One it was clear that I needed a custom step-up charge controller for my solar car project, I needed to plan out the design. Let’s address the MUST HAVE requirements first:
- Output voltage regulation is one important safeguard against overcharging the lithium-ion battery. Voltage regulation is also necessary to prevent damage to other vehicle electronic should the contactors open unexpectedly for any reason.
- Isolated high voltage output. While solar panels are commonly connected in arrays capable of generating 400v DC, it would be best practice to have the solar panels isolated from the high voltage drive battery. This proved to be a minor burden. The standard non-isolated step-up converter is not well suited for a 10:1 voltage ratio anyway. I used a full bridge converter which provided the necessary voltage gain and isolated output.
- Contactor control output. It seemed much easier to access the battery pack using the existing contactors instead of opening the pack and making a new connection inside. More on this in another update, or check the Real Solar Cars youtube channel. It would not work to simply turn the car on to charge. The Chevy Volt uses about 250w at idle. The 420w array on the car usually collects about 200w in realistic conditions. In any case, 250w is a lot of overhead. To minimize the overhead, it’s necessary to charge the car with all systems off except the contactors and battery management system. The battery management system on the Chevy Volt is enabled by a 12v signal on the same connector as the contactor signals.
- A CAN bus interface is needed to receive data from the vehicle’s factory battery management system.
The automotive environment adds unique challenges that are not often encountered in DIY projects:
- High and low temperatures were addressed by choosing automotive grade parts when possible. I also spent a lot of effort making the board operate efficiently to minimize the temperature rise. Multiple temperature sensors help ensure that the board can shut down before reaching damaging temperatures.
- Moisture may eventually lead to corrosion. This is likely to affect connectors first. So no unnecessary connectors. It may be desireable to apply conformal coat to the circuit board.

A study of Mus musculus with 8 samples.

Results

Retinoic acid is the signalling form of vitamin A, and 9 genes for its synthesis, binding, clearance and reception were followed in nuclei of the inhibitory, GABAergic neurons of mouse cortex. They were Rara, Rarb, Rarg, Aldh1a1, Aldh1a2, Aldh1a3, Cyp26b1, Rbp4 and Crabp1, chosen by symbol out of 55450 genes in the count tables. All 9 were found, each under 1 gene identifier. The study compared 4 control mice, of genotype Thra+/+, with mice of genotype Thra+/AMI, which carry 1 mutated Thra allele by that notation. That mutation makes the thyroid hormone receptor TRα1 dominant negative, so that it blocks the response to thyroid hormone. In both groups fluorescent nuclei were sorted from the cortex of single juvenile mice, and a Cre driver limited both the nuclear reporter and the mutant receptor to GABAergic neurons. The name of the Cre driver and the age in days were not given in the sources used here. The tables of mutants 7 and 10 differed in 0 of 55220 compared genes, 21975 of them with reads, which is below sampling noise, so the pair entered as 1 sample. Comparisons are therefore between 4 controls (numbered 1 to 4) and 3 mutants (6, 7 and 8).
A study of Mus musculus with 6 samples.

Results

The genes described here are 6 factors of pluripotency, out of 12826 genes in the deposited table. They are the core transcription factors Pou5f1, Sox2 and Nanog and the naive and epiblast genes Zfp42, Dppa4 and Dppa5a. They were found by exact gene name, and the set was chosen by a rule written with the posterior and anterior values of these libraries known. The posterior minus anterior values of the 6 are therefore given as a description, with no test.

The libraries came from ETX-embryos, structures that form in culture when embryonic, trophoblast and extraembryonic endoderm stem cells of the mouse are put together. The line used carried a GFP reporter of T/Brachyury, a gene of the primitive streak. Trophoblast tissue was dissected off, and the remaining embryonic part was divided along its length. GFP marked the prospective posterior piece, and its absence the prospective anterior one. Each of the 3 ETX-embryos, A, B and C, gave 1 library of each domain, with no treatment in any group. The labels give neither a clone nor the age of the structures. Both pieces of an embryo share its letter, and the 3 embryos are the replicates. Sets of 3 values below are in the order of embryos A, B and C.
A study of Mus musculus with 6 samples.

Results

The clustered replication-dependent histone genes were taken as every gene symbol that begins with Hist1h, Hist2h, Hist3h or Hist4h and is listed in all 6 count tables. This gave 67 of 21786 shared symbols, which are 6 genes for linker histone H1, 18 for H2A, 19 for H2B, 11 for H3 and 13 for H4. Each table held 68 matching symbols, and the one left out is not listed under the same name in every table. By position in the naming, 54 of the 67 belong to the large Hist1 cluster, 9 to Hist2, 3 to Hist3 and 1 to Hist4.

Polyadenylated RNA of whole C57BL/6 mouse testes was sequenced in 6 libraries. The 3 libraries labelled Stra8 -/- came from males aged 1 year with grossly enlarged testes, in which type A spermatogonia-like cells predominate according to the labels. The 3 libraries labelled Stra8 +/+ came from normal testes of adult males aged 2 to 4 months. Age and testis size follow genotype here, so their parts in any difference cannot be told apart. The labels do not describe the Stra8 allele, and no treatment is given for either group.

- Vibration is another reason to avoid unnecessary connectors.
- Serviceability. The circuit board needs to be removable for repairs or modifications. I ended up using a 40 pin IDE connector for this.
- Safety critical. It’s not likely that rouge data on the Chevy Volt high voltage management CAN bus would cause a collision. This bus is separate from the main CAN bus. What is more likely is getting stranded at the side of the road. The solar charging board should not impede any important vehicle operations. It must be possible to switch off the solar charger board and have the vehicle operate as before. This was accomplished by adding diodes which allow the vehicle’s contactor control signals to pass through. In the event that these diodes interfere with vehicle operation, the solar charger can be quickly disconnected and replaced with a bypass board. The bypass board connects the input signals directly to the output signals.
Charger board minimum required features:
- 400v DC regulated and programmable output voltage.
- 400v DC output to be isolated from solar panels and vehicle chassis.
- CAN bus and contactor control outputs for the vehicle interface.
Charger board design guidance:
- All important functionality incorporated on a single circuit board.
- Preference for vibration resistant SMT parts when possible.
- A single board with mostly SMT parts is preferable for mass manufacturing as well.
System design guidance:
- A connector to allow the solar charger to be quickly replaced with a bypass board.
- Pass-through diodes mounted on the vehicle side of the interface connector.
- A high quality highly flexible interface cable rated for water and oil.
The PCDB1910 board was designed to meet these minimum feature requirements.